Saving tiny lives in Lebanon, regardless of nationality

Nonprofit Birth and Beyond provides specialist paediatric treatment, giving hope to underprivileged Lebanese and refugee families alike.
17 August 2017

Baby Aya lies peacefully in an incubator at Qarantina public hospital in the Lebanese capital, Beirut. Born a refugee to Syrian parents, her first few days have not been easy, but the family is thankful that she was able to receive the treatment she needed.

“My daughter Aya was born with jaundice,” her father Mohammed, originally from Idlib in northwest Syria, explained. “She was here [in the hospital] for two days and they took great care of her. She has improved so we are taking her home.”

Aya’s specialist treatment was made possible thanks to a newly constructed paediatric ward at the hospital funded by a Lebanese NGO called Birth and Beyond. Their aim is to provide quality neonatal treatment to underprivileged families in Lebanon, including Syrian refugees.

Lebanon is home to more than a million refugees from the six-year conflict in neighbouring Syria. Around 12 per cent of children born to refugees are in need of neonatal intensive care. A leading reason for this is prematurity, which in turn can be the result of early marriage, poverty and lack of antenatal care.

Unfortunately, neonatal intensive care is not available in all Lebanese hospitals and refugees often need to travel long distances in order for their newborns to get the necessary treatment.

Robert Sacy, a paediatrician who founded Birth and Beyond, started the initiative to address the dual challenge of an insufficient number of paediatric intensive care places – especially in public hospitals – and the prohibitive cost of such treatment for underprivileged families.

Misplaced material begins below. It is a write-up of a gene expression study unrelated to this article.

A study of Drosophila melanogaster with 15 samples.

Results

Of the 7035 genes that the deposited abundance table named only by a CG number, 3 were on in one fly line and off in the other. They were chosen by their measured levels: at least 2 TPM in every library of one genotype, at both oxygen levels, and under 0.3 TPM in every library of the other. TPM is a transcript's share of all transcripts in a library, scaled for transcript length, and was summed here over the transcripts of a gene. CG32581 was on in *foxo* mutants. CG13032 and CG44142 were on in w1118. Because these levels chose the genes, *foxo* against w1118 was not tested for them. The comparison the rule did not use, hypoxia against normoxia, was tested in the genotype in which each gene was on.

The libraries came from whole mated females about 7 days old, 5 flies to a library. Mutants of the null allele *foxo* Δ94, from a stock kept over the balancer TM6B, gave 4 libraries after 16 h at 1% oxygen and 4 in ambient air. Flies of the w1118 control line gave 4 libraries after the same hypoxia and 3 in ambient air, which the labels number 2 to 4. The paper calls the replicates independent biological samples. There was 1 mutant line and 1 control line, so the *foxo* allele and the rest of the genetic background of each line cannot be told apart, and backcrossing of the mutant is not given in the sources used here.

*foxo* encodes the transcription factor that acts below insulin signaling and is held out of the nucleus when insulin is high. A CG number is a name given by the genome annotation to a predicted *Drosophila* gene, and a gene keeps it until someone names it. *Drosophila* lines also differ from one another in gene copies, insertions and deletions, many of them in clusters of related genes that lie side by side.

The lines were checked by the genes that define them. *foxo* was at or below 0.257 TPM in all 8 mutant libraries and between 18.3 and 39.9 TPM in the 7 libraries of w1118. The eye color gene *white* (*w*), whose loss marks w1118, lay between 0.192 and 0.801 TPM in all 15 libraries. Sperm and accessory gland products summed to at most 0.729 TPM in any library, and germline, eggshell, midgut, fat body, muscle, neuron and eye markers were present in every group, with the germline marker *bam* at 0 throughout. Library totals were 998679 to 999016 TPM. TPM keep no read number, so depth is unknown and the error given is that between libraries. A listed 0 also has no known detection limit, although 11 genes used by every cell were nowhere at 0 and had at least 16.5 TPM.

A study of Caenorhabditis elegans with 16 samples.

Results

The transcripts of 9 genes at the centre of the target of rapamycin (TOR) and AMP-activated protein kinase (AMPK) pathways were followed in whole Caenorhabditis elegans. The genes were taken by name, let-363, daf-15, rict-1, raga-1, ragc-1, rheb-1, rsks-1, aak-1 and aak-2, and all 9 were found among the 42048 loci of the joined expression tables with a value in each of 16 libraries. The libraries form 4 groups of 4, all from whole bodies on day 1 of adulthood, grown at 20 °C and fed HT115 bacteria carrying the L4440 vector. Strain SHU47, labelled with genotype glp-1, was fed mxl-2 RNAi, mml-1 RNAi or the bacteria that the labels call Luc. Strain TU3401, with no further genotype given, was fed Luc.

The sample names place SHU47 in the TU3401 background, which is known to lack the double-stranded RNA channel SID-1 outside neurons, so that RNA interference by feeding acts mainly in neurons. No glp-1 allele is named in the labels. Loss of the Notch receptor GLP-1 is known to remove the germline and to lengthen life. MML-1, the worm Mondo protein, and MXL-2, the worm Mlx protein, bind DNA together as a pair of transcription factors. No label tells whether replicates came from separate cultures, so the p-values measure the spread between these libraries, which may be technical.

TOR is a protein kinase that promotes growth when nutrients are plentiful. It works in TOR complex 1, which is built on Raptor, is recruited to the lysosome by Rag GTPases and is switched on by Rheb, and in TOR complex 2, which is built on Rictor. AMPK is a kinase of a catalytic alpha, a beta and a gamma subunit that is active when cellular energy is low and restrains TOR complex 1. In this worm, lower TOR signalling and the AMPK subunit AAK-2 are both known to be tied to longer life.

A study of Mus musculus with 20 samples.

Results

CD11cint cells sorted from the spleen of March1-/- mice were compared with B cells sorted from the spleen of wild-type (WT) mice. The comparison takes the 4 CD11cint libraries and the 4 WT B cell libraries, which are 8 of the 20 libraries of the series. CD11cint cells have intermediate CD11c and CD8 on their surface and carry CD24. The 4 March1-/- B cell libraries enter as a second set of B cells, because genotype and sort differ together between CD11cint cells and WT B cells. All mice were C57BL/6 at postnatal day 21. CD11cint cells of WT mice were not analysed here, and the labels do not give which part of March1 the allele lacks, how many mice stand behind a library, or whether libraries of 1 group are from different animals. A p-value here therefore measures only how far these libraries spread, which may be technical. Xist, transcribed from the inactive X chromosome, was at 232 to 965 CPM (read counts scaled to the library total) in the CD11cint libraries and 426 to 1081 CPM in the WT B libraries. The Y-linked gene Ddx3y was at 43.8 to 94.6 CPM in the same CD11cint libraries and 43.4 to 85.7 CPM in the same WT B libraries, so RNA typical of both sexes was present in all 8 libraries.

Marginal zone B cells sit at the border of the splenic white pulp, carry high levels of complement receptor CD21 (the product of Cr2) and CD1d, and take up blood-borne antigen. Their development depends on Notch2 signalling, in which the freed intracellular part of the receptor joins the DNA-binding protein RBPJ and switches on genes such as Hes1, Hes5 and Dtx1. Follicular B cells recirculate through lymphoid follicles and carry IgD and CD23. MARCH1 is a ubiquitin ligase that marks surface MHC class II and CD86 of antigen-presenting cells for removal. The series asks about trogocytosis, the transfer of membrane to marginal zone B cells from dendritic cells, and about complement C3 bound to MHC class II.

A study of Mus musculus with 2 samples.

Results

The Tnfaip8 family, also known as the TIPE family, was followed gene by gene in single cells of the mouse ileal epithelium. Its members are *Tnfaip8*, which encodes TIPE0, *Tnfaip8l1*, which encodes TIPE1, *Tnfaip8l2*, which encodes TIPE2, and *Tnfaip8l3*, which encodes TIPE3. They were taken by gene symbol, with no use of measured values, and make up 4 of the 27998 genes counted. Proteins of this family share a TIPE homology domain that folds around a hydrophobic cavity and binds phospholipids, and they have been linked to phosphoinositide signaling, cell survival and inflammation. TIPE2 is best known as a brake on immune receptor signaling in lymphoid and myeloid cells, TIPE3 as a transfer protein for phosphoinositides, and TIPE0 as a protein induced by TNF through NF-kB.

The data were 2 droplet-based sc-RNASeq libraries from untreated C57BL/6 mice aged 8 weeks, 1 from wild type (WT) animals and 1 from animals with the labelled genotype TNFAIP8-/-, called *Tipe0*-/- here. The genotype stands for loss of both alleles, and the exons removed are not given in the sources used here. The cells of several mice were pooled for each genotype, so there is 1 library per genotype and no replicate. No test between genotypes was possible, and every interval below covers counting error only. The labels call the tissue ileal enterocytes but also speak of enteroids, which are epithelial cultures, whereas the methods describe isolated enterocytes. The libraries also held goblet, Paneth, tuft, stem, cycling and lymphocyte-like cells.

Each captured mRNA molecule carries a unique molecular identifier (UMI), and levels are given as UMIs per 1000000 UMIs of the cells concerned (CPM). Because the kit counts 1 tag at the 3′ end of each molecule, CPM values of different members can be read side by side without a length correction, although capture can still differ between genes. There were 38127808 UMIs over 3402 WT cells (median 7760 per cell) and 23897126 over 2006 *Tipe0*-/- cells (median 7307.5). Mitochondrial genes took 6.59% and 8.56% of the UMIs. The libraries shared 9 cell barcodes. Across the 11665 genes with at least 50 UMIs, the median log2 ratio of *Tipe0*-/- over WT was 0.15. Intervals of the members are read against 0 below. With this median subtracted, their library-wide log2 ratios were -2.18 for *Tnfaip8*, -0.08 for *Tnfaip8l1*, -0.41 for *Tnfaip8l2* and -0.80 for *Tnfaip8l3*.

"This is a massive benefit to refugees that they can receive quality care free of charge.”

“We always have this challenge of refusing people not only due to the lack of places, but mainly because of the lack of financial support,” Sacy explained. “There’s a need to have the best treatments with the best medical staff and best equipment in governmental hospitals.”

Last year around 4,500 refugee babies required neonatal intensive care, according to Michael Woodman, a senior public health officer for UNHCR in Lebanon. Despite the fact that the UN Refugee Agency covers 90 per cent of the cost, families still have to cover the remaining 10 per cent, which – no matter how small – can be prohibitive for many refugee families.

“Initiatives like Birth and Beyond are extremely important because they provide excellent quality care for refugees integrated in a public hospital,” Woodman said. “I think this is a massive benefit to refugees that they can receive quality care free of charge.”

Underprivileged children are all received with the same warmth and care, regardless of their nationality. Manal is from Tripoli, in northern Lebanon, and her infant son Oussama was admitted to the new paediatric intensive care unit at Qarantina hospital after suffering complications following heart surgery.

“The ward is excellent even in terms of equipment and machinery, I didn’t feel like I was in a public hospital at all,” said Manal. “The hospital is not going to cost me much. I can’t afford taking him to a private hospital, but here the government pays and so it’s better.”

Thanks to Birth and Beyond, Oussama and Aya have been given a second chance in life, and Sacy argues that the same level of care should be granted to every child born in Lebanon, regardless of their family’s financial situation. “I don’t understand why poor people should not have the right to be treated the same way as rich people.”